Dwindling Tenn. Democrats To Keep Pushing For Medicaid Expansion

Democratic leaders Mike Turner and Craig Fitzhugh outline their 2014 legislative agenda to reporters on Tuesday. Credit: Blake Farmer / WPLN

Democratic leaders Mike Turner and Craig Fitzhugh outline their 2014 legislative agenda to reporters on Tuesday. Credit: Blake Farmer / WPLN

Democrats in the Tennessee legislature plan to keep pressing Republicans to accept federal money and expand the state’s Medicaid program. The minority party is sticking with the same legislative priority after failing to make headway last year.

Seen one way, Tennessee is passing up a windfall over the next three years that would provide health coverage for at least 150,000 of the state’s working poor. The White House offered the money as a way to entice states to expand their Medicaid programs.  Tennessee and other Republican-led states in the south have balked at the offer.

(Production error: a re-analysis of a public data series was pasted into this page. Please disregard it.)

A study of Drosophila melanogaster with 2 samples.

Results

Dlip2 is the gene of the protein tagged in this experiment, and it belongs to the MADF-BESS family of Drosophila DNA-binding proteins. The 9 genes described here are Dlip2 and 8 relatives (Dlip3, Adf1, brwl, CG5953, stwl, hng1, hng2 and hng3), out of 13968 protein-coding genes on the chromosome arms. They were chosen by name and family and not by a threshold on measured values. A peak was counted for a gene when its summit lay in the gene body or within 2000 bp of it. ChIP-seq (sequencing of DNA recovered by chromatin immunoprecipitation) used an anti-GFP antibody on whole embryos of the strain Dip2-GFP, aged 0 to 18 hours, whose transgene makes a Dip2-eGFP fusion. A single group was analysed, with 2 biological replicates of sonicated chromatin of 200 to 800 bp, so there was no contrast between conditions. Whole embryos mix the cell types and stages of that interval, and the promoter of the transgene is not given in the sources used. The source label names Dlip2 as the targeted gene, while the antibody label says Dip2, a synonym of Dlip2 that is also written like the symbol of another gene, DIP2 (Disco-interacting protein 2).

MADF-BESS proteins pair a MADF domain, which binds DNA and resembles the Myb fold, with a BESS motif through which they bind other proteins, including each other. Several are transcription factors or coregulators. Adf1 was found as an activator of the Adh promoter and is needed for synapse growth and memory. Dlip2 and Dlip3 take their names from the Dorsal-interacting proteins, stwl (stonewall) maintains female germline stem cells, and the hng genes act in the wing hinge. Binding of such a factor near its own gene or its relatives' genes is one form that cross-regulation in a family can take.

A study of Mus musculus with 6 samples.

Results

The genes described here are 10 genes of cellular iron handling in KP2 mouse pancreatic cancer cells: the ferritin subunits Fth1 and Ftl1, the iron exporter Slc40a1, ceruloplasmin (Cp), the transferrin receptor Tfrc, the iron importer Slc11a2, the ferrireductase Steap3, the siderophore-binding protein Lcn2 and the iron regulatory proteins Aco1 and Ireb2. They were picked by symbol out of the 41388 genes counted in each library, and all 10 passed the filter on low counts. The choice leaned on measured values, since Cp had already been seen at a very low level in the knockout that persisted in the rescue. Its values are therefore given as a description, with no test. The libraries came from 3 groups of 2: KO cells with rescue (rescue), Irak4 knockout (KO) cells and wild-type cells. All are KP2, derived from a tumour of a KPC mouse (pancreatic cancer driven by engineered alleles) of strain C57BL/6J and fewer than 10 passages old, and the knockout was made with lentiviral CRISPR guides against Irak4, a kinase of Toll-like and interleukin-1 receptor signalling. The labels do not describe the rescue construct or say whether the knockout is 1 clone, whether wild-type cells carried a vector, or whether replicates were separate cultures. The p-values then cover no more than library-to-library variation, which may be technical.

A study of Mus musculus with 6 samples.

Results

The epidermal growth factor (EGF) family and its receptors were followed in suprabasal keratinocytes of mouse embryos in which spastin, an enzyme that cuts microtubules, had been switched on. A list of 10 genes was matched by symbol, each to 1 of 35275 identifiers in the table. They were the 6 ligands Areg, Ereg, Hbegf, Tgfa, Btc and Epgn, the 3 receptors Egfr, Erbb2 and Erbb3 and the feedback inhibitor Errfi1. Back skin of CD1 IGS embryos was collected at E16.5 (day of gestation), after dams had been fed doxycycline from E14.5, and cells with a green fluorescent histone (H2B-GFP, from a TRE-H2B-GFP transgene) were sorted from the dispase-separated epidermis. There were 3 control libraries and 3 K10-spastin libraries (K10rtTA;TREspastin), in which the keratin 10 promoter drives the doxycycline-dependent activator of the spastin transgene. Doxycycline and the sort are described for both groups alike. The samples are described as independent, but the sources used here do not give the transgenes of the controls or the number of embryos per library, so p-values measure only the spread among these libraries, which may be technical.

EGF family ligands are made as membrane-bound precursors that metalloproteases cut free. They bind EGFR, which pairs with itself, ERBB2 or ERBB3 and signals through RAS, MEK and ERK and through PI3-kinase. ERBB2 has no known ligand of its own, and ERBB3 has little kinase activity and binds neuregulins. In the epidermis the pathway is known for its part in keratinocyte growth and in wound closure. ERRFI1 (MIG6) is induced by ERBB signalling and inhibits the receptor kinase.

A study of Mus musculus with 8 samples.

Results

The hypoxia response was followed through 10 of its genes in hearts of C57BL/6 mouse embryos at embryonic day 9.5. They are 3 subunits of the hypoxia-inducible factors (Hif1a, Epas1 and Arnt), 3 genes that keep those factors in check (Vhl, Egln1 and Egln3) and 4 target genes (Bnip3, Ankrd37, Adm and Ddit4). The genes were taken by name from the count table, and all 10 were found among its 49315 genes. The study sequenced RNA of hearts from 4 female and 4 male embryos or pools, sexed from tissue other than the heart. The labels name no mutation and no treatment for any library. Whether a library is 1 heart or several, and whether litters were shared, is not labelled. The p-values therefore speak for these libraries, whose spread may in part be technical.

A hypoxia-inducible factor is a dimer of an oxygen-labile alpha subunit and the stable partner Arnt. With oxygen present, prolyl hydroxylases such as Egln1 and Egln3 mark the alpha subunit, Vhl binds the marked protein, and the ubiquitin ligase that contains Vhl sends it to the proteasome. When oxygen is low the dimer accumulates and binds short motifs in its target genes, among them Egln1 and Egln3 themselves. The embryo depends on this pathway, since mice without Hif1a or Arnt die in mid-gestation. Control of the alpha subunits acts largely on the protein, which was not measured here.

Democratic leader Craig Fitzhugh (D-Ripley) says he and other supporters of President Obama have failed to make a compelling case.

“I have yet to figure out why we’re not doing this,” Fitzhugh said Tuesday. “I’m afraid people don’t know what they’re not going to have until its too late to get it.”

By estimates cited by Democrats, the state is now giving up $2.5 million a day in federal money. Besides the Tennesseans who would otherwise have insurance, Democrats are warning that some rural hospitals will close if the state continues to pass up the funding.

Rep. Mike Turner (D-Old Hickory) – the party’s second-in-command – said some of the hospitals in trouble are represented in the state House by Republican lawmakers who don’t believe the dire warnings.

“You know, there’s people who don’t believe in global warming. There’s people that the earth doesn’t rotate around the sun. There’s all kinds of people that believe what they want to believe,” Turner said.

While Democrats are unlikely to have success in the Republican-dominated legislature, they have released a legislative agenda. It includes raising the state’s minimum wage, providing pre-K for all children, and requiring the Commissioner of Education to have a decade of classroom experience.